Duterte says he ‘maybe’ killed a man at 17

Miriam Grace A. Go
Duterte says he ‘maybe’ killed a man at 17

Manman Dejeto

The would-be president reveals this in an interview with Esquire magazine in 2015, before he declared his candidacy

(UPDATED) Human rights advocates, as well as local and international media, are aghast to hear President Rodrigo Duterte casually admit recently to having killed criminals himself when he was mayor of Davao City.

This even prompted his archenemy, Senator Leila de Lima, to suggest that this admission by the President could be grounds for his impeachment.

It turns out, Duterte had admitted to “maybe” killing a man when he was just 17 years old. And he revealed this to a national magazine months before he declared he would be seeking the highest post in the land. 

On Wednesday, December 14, the Chief Executive told businessmen who were gathered at the presidential palace: “In Davao I used to do it (kill) personally. Just to show to the guys (cops) that if I can do it why can’t you?” 

He added: “And I’d go around in Davao with a motorcycle, with a big bike around, and I would just patrol the streets, looking for trouble. I was really looking for a confrontation so I could kill.”

His Communications Secretary, Martin Andanar, said the President didn’t mean it literally. But Duterte himself later gave specifics to BBC

He told the London-based TV network that he killed 3 men who were accused of kidnapping and rape.

“I killed about 3 of them….I don’t know how many bullets from my gun went inside their bodies. It happened and I cannot lie about it,” he told the BBC.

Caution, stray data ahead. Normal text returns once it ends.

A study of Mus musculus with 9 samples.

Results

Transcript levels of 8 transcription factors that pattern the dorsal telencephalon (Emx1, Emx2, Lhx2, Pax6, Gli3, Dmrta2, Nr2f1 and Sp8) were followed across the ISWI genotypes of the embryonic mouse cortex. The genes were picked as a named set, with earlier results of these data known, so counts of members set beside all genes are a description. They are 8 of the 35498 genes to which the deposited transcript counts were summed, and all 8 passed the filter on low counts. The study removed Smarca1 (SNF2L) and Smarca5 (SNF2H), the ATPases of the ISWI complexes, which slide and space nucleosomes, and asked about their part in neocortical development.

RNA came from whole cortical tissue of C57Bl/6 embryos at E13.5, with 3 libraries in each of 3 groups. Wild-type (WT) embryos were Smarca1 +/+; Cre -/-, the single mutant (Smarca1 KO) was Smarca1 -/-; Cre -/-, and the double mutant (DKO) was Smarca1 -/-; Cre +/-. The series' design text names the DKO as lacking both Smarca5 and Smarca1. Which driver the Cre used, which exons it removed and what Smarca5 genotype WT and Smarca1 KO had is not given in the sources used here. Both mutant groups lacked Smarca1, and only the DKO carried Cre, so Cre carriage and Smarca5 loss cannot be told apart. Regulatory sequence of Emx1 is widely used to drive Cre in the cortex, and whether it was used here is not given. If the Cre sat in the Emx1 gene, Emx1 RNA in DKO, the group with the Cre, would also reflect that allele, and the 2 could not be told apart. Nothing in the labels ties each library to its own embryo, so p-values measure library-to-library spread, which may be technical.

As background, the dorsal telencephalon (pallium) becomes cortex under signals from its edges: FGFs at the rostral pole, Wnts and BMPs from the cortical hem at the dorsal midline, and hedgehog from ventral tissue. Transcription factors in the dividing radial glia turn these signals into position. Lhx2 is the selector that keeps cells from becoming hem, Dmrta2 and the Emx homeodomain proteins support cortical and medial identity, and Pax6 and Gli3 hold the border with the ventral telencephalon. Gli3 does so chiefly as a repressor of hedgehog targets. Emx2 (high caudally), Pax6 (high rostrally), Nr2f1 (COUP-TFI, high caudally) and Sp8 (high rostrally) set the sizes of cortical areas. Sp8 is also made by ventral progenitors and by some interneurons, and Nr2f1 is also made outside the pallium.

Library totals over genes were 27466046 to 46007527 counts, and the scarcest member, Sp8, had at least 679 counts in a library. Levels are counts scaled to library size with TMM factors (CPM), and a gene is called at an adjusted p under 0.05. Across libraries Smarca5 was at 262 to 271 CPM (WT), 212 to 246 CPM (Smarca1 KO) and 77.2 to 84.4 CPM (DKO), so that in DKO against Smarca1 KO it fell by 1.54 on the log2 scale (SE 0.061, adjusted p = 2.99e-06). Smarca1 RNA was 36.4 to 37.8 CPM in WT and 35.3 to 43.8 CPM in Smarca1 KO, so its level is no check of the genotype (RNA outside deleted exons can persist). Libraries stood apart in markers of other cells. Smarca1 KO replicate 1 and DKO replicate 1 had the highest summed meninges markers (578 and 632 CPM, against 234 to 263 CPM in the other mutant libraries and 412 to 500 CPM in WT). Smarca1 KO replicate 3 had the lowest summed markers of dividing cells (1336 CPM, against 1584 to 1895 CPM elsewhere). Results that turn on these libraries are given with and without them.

He was just too glad to elaborate before journalists who covered him in Singapore.

The violent tendencies might have been with Duterte even as a young man, outside of official crime fighting duties.

Earlier killing

In 2015, he admitted to Esquire magazine that he might have stabbed a man to death during a commotion on the beach. 

“What’s the most brutal thing you’ve done to anyone?” writer and TV host Lourd de Veyra asked Duterte then. 

Duterte’s reply: “Well if brutal in the sense minus the reason…killing a man is really brutal. [Even] if it’s justified, it’s still brutal. But if it’s not justified, then you just have to contend with karma. I have never in my life killed an innocent person.”

Esquire followed it up with, “Do you remember the first time you killed a man?” 

Duterte replied: “Well, when I was young…I was 17. There was a tumultuous fight in the beach. We were young men then and we went to this beach and we were drinking and suddenly there was this…maybe I stabbed somebody to death…something like that.”

He said, however, that what he considered his first kill was the hostage-takers at the Davao Penal Colony in 1989, when he was city mayor and concurrently chairman of the Regional Peace and Order Council.

“And we shot them all, 16. I really don’t know how many shots I fired. I was already high with anger. Almost two nights and two days without sleep… I cannot remember, I simply blacked out. I said I will win,” he told the magazine. 

He also admitted to “have killed” people during an interview with Rappler on October 2015, when he was still pondering whether to run or not for the presidency. (READ: Duterte, his 6 contradictions and planned dictatorship)

You can read the full Esquire Q & A here. Published in March 2015, and republished in August 2016, the article features questions that media personalities asked Duterte when he was still mayor. The questions cover a range of controversial issues that haunt him to this day. 

Aside from De Veyra, Randy David, Atom Araullo, Bianca Gonzalez, Teddyboy Locsin, Lav Diaz, and John Lloyd Cruz asked Duterte about the establishment of a revolutionary government, the Davao Death Squad, the part he played in the context of the vigilante group Alsa Masa, whether he considered himself a fascist, and how he would deal with the Moro Islamic Liberation Front.

In sum, he told the magazine: “Killing criminals is not new to me.” – Rappler.com


MIriam Grace A Go’s areas of interest are local governance, campaigns and elections, and anything Japanese.